Spaniards Compete for Water Resources

Barcelona is so short of water that officials are planning to import water by sea-borne tankers and to build a pipeline to bring extra water from the River Ebro. Fisherman aren't happy.


This is Day to Day. I'm Madeleine Brand.

ALEX CHADWICK, host:

And I'm Alex Chadwick.

Coming up, political chaos and violence in Zimbabwe, and the man who discovered and first tried LSD.

Unidentified Man: He thought he was going to die or lose his mind. He had hallucinations. He had a great deal of anxiety, but he also had some of the remarkable perceptual distortions imposed by LSD.

CHADWICK: Remembering Albert Hoffman.

BRAND: First, though, to Spain and a story about water. That country has been gripped by a drought for several years now, and the battle for water resources in different parts of the country is getting stronger. The area is so parched that Barcelona may have to use ships to bring in drinking water this summer.

CHADWICK: But there is another solution. A pipeline that's being built to divert water from the Ebro River but reports Jerome Socolovsky, that is angering many who live and work along the river's banks.

(Soundbite of water)

JEROME SOCOLOVSKY: Ramon Carles (ph) makes his living in the brackish waters at the mouth of the Ebro River. Standing in hip waders as he cleans some clam nets just a few meters from the shore.

Mr. RAMON CARLES (Fisherman, Ebro River): (Spanish spoken)

SOCOLOVSKY: He points to the wooden structures further out where he and his three brothers have bred oysters and muscles for more than 40 years. Every year they take out around 200 tons of shellfish. He said his catch would be worthless, though, without the fresh waters emptied by the Ebro River.

Mr. CARLES: (Spanish spoken)

SOCOLOVSKY: They won't die, but the less water it brings, the less they will grow, he says. The problem with water in Spain is not that the rain falls mainly on the plain, it doesn't. It's that the Atlantic Coast gets most of what does fall, while the Mediterranean Seaboard is much dryer. For decades, Spain redistributed its water with some of Europe's biggest dams and reservoirs and huge water diversion projects.

Four years ago, Socialist Prime Minister Jose Luis Rodriguez Zapatero promised to establish a new water culture. Spaniards would have to adopt their lifestyles to the climate. No more English gardens and arid Murcia or lush golf courses on the Costa del Sol. But with Barcelona's drinking water reservoirs already four-fifths empty, Zapatero's government revered itself and recently approved the construction of a pipeline that would divert water from the Ebro River to the city. The decision baffles fisherman Ramon Carles.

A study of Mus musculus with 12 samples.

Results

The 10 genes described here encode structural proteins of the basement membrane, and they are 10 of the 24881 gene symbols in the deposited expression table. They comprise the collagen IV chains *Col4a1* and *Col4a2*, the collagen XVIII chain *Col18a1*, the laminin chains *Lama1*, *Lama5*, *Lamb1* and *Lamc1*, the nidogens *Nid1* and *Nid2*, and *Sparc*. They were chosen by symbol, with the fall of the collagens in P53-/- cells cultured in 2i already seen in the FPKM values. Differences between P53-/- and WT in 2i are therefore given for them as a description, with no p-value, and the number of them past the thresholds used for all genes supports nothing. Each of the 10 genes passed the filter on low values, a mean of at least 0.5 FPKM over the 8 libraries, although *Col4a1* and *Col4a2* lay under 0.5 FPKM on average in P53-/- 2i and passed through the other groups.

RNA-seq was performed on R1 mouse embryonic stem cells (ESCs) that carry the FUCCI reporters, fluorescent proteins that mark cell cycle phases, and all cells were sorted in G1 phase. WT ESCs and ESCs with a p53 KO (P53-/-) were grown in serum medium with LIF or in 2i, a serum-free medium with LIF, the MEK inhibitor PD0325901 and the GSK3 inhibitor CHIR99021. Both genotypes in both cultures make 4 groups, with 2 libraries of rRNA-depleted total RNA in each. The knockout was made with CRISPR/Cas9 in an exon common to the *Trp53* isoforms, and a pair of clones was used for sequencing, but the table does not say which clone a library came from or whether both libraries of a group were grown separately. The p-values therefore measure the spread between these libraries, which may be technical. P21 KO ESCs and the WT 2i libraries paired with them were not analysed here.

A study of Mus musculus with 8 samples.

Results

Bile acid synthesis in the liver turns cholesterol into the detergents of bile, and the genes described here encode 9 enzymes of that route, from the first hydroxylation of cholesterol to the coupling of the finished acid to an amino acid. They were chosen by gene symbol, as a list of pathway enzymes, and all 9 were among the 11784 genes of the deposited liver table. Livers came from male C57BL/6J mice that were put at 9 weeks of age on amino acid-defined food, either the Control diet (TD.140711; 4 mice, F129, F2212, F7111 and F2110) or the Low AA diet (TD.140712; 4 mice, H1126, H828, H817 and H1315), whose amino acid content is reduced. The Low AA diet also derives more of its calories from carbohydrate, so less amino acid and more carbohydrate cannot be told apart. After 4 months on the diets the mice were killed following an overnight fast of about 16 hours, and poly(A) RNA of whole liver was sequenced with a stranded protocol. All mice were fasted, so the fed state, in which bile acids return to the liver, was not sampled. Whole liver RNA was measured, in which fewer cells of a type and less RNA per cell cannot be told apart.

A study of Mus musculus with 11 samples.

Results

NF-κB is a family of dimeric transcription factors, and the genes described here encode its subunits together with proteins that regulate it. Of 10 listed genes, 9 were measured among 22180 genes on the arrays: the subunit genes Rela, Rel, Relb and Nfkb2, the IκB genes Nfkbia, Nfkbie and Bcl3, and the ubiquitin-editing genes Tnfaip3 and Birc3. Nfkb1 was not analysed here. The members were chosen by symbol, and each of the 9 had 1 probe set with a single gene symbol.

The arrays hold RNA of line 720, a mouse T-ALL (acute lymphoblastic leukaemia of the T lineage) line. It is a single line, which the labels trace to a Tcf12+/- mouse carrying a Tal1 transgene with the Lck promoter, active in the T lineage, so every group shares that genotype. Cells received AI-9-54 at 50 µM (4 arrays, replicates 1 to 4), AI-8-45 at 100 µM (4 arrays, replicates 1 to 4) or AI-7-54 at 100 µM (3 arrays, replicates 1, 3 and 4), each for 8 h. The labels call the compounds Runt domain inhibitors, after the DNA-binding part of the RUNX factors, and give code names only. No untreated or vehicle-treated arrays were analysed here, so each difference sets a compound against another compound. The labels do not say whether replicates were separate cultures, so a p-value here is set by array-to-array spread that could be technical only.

Mr. CARLES: (Spanish spoken)

SOCOLOVSKY: I just don't get it. These people who talk about the new water culture, they say no to water transfers and now that's exactly what they are doing, he says.

(Soundbite of children singing in Spanish)

SOCOLOVSKY: Schoolgirls in traditional white bonnets sing in a festival in the Ebro River town of L'Aldeya. Many young people leave this area when they grow up for Barcelona and other cities on the coast where tourism and industry have boomed. The people left in the delta fear they'll now loose their biggest remaining asset.

(Soundbite of waterfall)

SOCOLOVSKY: This water, coming from the Ebro, floods the rice fields of the delta. In the distance, flamingos stand in the shallow waves.

(Soundbite of birds chirping)

SOCOLOVSKY: Environmentalists say diverting the river could harm the delta's rich and varied bird life. Head up the coast and the pristine nature gives way to overdeveloped beaches in the bustling boulevards of Barcelona. At the Las Ramblas flower market Carolina Payes (ph) says she stopped spraying the plants in her stall and now hand waters them.

Ms. CAROLINA PAYES (Worker, Las Ramblas Flower Market): (Spanish spoken)

SYCLOVSKY: I can't believe the attitude of those people in the Ebro Delta. We need water in Barcelona, she says. If it were the other way around, we would show a lot more solidarity. If you need water, you should take it from wherever you can get it. This is just one example of Spain's water wars. Farmers in the dry southern provinces of Valencia and Murcia, where many of Europe's fruits and vegetables are grown, are also demanding a share of the country's scarce water resources.

The government is building a series of desalination plants, including one for Barcelona. Officials say the Ebro pipeline is only a temporary measure, but the fisherman in the river delta fear the government will simply open the tap next time the city needs water again. For NPR News, I'm Jerome Socolovsky in Barcelona.